Foursquare has been undergoing a transition over the past year from something of a check-in game to a full-fledged ‘decision service’ along the lines of Yelp. That transition has been accomplished by taking the massive amount of data from its 3.5B check-ins and offering up that value to people ‘searching with intent’.
That intent-based searching is what you’re doing when you type the name of a venue into Google and click on one of the top links in the search results. Typically, that link has been one from Yelp, Google’s own Places or some other. Foursquare has been creeping up though, and they’re finding that more and more people who are hitting those pages are not users of the service, they’re just people who want help making a decision about a venue.
The redesign stems back to late last year, when Foursquare opened up its Explore feature to everyone, even if they weren’t logged in to the site. This marked a big shift in the public strategy of the company on the web, firmly positioning it as an option for people looking to get hours, ratings, comments and location information, regardless of whether you’re a ‘check-in’ kind of person.
The data that spurred the jump is also impressive. Explore usage, for instance, has doubled in the last two months, displaying an uptick in how often people are turning to the service as a decider. In addition, Singleton says that there are some 50 million unique visitors to the site each month, both logged in and logged out. If you take into account that Foursquare has 33M users, that’s 17M people who are not seeing a ‘logged in’ experience. They’re just coming there for the best info in the quickest, most efficient way possible.
And that’s why the pages have been tweaked. Following is a comparison of the old design (top) and the new design (bottom).
You’ll notice that the new design above features a row of images at the top, this mirrors the mobile experience and offers a bit of ‘flavor’ right off the bat. It lets you gut check what kind of establishment it is, how appealing the dishes are, how clean it looks etc. Off to the right is a square map icon that gives you the location on a square map viewport. This is an improvement over the old design as it shows you more context in both horizontal and vertical directions, allowing you to get an approximate location more easily.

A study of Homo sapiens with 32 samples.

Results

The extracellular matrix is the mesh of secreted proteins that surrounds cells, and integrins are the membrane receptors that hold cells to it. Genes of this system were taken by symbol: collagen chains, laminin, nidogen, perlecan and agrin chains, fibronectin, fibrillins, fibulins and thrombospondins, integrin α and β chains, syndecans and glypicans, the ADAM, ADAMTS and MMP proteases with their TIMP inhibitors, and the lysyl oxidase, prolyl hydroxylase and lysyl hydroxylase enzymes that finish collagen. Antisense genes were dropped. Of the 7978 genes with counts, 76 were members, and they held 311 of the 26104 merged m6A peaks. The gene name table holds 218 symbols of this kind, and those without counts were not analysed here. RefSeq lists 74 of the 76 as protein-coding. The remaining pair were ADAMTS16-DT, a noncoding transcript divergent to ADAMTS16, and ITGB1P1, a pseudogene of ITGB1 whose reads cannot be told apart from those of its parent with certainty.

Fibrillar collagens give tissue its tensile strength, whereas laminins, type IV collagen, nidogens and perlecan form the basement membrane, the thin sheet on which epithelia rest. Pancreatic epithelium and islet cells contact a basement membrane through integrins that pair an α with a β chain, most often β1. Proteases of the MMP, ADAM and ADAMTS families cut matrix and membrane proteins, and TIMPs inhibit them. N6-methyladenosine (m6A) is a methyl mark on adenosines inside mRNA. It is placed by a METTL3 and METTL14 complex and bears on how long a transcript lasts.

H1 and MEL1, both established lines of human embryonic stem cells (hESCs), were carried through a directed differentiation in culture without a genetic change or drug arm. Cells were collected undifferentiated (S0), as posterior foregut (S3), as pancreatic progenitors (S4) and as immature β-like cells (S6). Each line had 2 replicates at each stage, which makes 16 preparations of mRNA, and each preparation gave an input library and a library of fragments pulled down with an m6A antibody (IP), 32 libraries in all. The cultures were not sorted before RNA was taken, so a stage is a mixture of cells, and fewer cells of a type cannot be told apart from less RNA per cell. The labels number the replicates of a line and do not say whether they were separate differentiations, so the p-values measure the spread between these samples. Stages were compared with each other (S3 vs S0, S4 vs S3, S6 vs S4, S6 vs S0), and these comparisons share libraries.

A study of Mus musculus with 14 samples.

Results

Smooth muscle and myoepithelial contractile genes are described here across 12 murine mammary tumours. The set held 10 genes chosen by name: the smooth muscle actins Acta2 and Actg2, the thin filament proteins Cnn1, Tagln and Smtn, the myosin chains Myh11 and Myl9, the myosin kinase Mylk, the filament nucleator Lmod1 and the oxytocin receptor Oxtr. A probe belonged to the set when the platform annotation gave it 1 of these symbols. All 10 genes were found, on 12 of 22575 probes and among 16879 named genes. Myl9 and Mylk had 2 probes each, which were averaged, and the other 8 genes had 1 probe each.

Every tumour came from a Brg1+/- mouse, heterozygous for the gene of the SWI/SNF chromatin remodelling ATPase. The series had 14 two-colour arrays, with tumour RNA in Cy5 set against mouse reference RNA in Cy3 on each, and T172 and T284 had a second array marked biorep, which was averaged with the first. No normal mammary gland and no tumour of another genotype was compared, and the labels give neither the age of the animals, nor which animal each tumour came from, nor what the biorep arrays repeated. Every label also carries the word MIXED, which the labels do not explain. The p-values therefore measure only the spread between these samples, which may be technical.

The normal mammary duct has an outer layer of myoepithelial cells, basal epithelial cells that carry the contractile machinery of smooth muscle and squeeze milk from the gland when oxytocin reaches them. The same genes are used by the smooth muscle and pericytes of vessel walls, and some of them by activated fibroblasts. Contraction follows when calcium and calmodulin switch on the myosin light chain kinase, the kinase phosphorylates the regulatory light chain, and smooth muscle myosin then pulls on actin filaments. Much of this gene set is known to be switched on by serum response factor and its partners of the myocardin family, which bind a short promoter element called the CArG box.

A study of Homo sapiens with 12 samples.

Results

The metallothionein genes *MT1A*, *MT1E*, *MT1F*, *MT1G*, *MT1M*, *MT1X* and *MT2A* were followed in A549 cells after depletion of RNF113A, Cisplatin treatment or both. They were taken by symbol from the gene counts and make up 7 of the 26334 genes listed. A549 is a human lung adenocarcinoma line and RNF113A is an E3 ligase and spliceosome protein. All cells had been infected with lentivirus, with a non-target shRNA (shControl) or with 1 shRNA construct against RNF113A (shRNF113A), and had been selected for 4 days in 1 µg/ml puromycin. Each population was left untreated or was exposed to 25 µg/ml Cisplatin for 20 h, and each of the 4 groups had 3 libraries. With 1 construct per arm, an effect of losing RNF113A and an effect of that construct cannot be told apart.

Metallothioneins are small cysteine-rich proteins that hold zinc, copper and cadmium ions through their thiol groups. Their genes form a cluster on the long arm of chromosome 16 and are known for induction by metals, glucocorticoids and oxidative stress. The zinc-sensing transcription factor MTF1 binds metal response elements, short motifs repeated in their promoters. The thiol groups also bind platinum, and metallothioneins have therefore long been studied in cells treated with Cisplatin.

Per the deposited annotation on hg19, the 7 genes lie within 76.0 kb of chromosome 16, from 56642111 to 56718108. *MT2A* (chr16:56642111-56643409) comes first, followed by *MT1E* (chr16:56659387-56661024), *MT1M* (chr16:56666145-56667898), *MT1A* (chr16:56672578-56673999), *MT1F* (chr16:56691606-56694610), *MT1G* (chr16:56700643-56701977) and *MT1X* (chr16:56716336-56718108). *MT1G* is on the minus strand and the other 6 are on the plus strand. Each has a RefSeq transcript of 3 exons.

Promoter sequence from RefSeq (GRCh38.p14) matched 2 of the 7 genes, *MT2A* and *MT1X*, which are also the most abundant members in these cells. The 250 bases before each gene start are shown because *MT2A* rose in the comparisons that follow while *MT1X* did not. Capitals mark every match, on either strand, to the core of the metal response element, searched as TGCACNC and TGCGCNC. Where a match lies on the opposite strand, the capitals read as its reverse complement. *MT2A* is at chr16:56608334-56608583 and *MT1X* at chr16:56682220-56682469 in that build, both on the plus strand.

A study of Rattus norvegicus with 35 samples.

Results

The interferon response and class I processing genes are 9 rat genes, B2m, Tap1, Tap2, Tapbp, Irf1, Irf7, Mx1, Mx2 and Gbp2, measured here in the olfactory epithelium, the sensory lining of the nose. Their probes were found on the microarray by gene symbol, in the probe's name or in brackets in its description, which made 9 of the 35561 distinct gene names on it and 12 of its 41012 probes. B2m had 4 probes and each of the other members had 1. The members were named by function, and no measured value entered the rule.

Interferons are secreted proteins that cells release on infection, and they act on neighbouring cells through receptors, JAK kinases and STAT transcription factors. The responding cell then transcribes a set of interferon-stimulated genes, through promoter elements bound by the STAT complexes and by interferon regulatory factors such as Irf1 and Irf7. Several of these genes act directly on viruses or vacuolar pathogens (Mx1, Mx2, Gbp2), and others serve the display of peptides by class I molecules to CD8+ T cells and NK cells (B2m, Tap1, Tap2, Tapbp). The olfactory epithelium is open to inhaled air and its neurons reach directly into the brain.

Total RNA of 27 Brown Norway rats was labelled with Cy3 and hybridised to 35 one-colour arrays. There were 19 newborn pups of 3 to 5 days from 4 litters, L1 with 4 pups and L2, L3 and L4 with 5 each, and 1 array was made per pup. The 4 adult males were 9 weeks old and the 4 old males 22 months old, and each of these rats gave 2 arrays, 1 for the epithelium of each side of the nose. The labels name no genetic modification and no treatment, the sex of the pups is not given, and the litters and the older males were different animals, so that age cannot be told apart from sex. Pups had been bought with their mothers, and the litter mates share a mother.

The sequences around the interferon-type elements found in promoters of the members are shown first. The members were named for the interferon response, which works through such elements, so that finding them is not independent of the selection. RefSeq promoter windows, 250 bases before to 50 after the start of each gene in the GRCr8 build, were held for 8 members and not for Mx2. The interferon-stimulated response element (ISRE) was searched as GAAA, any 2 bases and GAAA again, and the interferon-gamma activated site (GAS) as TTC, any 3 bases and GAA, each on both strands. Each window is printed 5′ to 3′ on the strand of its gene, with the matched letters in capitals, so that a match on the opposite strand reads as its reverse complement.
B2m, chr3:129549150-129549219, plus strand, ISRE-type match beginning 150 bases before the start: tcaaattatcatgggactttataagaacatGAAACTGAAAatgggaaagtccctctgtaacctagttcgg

Gone is the cluttered hour display on the right, instead only the current day’s hours are tagged right up front, with the option to see more. Given that these pages are designed as landing points for people urgently Googling a venue, that’s a better fit. Now, you’ll get ‘More Like…’ and ‘Places people like to go after…’ sections instead, which offer a basic scattering of suggestions to complete your day or night out. I like the idea of open context here, as you can see that there are both restaurants and public venues like parks in the list.
This emphasizes that Foursquare isn’t a ‘restaurant’ service, it’s a ‘place’ service. That’s backed up by the fact that the like, dislike and save buttons are left in the design, even if you’re logged out, inviting people to take part in helping to make those decisions.
The tips section below also allows you to search now, which can help you narrow down exactly what you want from a particular venue. So if you’re going to a joint for its bacon wrapped burger, but only see tips surfaced about its salad, you can drill down to see what people are saying about your favorite dish instead.
For a lot of people, says Singleton, “this is their first impression of Foursquare, so we want to show them what we can do.” This design is an effort to both bring the pages into alignment with what the service is doing on mobile, but also to own its new role as an active destination for decision making on the web.